Anoles are sexually dimorphic: Males and females attain different sizes. Juvenile lizards that haven’t yet developed secondary sexual characteristics will be similar sizes, but adult males are significantly larger than females are. Any anoles that approach the maximum length for the species -- 3 inches or so -- can be identified as males. Females top out at 1.5 inches or a little more. Smaller individuals can’t be reliably differentiated this way, and may be young males or females.


The male anole has a thin flap of extensible skin under the throat termed a dewlap. He extends it for territorial and mating purposes during a choreographed routine of pushups and head-bobs. The dewlap is brightly colored in most species, though one subspecies of the green anole (Anolis carolinensis seminolus) has evolved pale white or grey dewlaps. Though the occasional female has a rudimentary dewlap -- only the male has the well-developed, brightly colored dewlap.

Hemipenal Bulges

All male squamates – an evolutionary lineage including all living snakes and lizards – have paired reproductive organs termed hemipenes. The hemipenes are normally held inside the body creating two tail bulges; they evert only for mating purposes. When you inspect the ventral side of the tail, right behind the animal’s vent, the hemipenal bulges should be visible on a mature male. If no bulges are visible, the animal is either immature or female.


Captive male anoles may engage in territorial displays, even housed alone. If an anole climbs to a perch, extends its dewlap and bobs its head; he's indeed a male. In large captive colonies, males may combat with each other, which may escalate to include biting. While females may become territorial, fighting among females is rare and is never as dramatic as fights between males.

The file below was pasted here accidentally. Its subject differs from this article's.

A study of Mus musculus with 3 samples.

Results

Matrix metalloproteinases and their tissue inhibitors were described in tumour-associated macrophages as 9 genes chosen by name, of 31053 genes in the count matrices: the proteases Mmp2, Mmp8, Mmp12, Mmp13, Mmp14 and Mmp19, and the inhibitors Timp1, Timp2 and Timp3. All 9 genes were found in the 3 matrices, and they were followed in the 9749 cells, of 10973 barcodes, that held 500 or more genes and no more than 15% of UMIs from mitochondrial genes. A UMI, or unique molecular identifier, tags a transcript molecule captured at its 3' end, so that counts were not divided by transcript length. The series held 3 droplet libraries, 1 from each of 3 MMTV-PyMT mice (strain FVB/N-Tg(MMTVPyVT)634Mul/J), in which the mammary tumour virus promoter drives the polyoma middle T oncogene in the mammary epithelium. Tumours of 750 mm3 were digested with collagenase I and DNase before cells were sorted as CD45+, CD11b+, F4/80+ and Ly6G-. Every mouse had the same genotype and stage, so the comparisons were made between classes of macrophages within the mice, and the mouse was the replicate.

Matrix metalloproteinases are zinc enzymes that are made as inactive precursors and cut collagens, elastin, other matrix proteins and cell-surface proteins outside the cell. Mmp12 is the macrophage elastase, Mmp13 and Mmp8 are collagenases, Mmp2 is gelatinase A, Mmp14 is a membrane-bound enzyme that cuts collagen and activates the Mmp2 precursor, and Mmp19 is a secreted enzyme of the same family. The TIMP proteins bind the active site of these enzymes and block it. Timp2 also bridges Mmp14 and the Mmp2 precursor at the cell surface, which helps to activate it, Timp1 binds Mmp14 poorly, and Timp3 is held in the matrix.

Some species' males, though not all, develop dorsal crests along the top of their back. These structures help the males to look larger when battling or intimidating rivals. Though they are not present on all males, their presence of one is indicative of a male


Anoles can store sperm for at least seven months. Accordingly, a wild-caught female may lay eggs for some time after capture. If your anole lays eggs; it is a female.

Head Size and Shape

In most species, male anoles have larger heads than the females do. According to a 2013 study by Thomas J. Sanger et al., published in "Evolution," some males are not only larger but they are shaped differently as well. Sanger and his team compared skulls of 50 species of anoles and found that the males of two evolutionary groups of anoles -- including the green anole's clade -- exhibited extremely long faces.